Are You Catching Pokémon, or is Pokémon Catching You?

Most people who use the internet know and understand that the websites we visit collect data about us, data about our online behaviour which in turn builds up a profile of us as people. Many of us also understand that this data is then used to advertise to us, as consumers. Brands are using this data to sell us everything from coffee to cars. But how far does the data collection go? Is it just websites that reveal who we are and what we desire?

Data cAPPture

One area that is often overlooked when it comes to data collection is app usage. Apps are now such an integral part of the way we go about our daily business that it’s easy to overlook the fact that they too collect data about us. Understanding what data apps collect might make you think twice about which apps you download and use, and which you quickly delete from your new smartphone!

Many apps are designed to do one simple thing. They might turn your phone into a torch, or wake you up in the morning. But what about game apps like Pokémon, Minecraft and Angry Birds? Surely, they are just offering you a few minutes of escapism? But have you ever noticed, when you install these apps, how many of them ask to access your calendar, your camera or your location? It’s this stealth tactic that enables the companies behind the apps to access valuable data that they can then monetise and sell on to third parties.

Where, how long and how fast?

If we look at Pokémon Go, one of the most successful and high-profile app releases in recent years, as an example of the type of data you could be giving up without even knowing it, the analysis is very revealing. Pokémon Go records a person’s geospatial data. It records where you’ve been, how long you were there and what speed you were travelling. This is great information for advertisers as it enables them to deliver immediate content to you about businesses in the area you are located; shops, restaurants, cinemas etc.

This is not unique, or new. One of Google’s biggest challenges in recent years has been to deliver local advertising based on the data it has about you when to are on your mobile device, and it’s doing it very successfully. But where Pokémon Go differs from Google’s local search listings, is in its ability to influence where you go with the app. Pokémon Go players will know that by placing in-game incentives, the developers are able to encourage players to travel to real-life locations. One of the first businesses to capitalise on this was McDonalds. The fast-food giant sponsored Pokémon Go in Japan, and in return its 3,000 Japanese stores were turned into Pokémon gyms; meeting places for Pokémon Go players.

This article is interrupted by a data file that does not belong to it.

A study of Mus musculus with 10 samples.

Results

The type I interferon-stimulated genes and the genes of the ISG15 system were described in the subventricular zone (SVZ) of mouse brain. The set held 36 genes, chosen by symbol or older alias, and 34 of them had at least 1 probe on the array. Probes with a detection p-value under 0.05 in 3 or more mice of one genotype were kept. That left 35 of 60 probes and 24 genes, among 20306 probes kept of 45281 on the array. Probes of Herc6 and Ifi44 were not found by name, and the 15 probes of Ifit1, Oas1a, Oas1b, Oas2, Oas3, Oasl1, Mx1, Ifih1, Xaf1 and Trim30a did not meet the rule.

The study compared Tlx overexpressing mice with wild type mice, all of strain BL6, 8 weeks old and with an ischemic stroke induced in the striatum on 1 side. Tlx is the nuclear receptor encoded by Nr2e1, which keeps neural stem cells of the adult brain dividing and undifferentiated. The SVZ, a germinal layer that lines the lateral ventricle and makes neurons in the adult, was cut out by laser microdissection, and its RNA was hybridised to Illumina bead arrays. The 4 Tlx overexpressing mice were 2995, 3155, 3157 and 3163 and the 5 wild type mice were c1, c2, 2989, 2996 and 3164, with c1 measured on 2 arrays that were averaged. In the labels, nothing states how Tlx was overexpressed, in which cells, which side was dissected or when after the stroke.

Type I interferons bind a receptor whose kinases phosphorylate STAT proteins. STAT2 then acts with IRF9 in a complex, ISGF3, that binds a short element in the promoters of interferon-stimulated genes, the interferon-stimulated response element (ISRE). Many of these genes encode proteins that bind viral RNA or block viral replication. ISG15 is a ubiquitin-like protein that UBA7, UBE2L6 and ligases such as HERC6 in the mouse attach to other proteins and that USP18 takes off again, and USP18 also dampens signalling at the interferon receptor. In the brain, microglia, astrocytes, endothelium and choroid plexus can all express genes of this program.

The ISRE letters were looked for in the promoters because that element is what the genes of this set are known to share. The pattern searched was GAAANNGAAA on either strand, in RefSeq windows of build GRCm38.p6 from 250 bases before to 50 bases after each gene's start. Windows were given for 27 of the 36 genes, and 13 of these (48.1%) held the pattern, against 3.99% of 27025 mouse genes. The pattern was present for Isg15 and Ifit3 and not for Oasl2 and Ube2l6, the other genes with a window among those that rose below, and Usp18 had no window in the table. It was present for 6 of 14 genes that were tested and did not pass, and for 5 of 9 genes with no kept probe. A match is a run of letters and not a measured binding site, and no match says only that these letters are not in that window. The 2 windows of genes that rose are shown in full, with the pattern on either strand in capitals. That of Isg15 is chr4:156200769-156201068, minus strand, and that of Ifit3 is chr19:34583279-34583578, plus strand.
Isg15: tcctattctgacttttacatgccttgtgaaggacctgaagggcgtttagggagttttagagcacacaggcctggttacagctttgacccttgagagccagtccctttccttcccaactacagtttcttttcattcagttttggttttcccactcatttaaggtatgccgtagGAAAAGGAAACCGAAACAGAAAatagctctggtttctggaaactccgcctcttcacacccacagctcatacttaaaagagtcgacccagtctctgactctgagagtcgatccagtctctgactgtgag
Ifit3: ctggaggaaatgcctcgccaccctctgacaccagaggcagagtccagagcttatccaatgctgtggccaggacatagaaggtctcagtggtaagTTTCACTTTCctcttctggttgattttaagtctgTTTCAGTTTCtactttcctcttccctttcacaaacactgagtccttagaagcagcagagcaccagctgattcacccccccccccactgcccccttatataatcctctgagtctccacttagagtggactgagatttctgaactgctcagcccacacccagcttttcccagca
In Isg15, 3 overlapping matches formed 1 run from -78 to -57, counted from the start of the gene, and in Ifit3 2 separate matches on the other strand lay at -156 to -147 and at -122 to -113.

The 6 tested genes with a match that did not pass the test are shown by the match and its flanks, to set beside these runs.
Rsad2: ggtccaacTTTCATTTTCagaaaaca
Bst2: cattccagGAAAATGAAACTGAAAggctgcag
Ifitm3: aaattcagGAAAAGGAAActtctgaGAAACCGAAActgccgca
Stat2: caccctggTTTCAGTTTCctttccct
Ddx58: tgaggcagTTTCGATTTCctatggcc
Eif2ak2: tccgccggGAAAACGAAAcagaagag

Do you read the small print?

A recent study showed that as many as 24%* of popular apps do not have a privacy policy. But ask yourself, when was the last time you even looked at the privacy policy of an app that you downloaded? Thought so. In 2014, the Starbucks app was found to be collecting passwords, email addresses and GPS details via it’s app. It addressed the situation soon after, but Wired recently found that most of the UKs top 10 dating apps had issues regarding personal information of users.

Apps like Pokémon Go have been very clever when it comes to data capture. Pokémon Go insists you sign in using a Google account (or create a new one), the data capture aspect is maximised via this route. But even apps that appear to be dormant or non-intrusive can still be collecting data without your knowledge. So, if you are no longer willing to give up your personal data so easily, what can you do?

Check the privacy policy – Make sure the app at least has a privacy policy. It can often be a lengthy read (has anyone ever read the iTunes T&Cs?) but next time you see an app privacy policy pop-up, take a look. Would you sign an official document without reading it?

What are you revealing? - Sort out your privacy settings! Don’t assume the apps are waiting for your permission to access your data. Unless you block them, or tell them not to, they are most likely going to get as much data on you as they can.

Apps for privacy – There are messaging and browsing apps that now make a big thing of their privacy policy, it’s their USP, and some are designed with a zero-tolerance approach to accessing and sharing your data. Look them up. DuckDuckGO is a good place to start.

App Updates – Make sure you’ve got the latest versions of your installs. As time goes on, app developers will have to comply with more privacy policies, they won’t be updating old apps!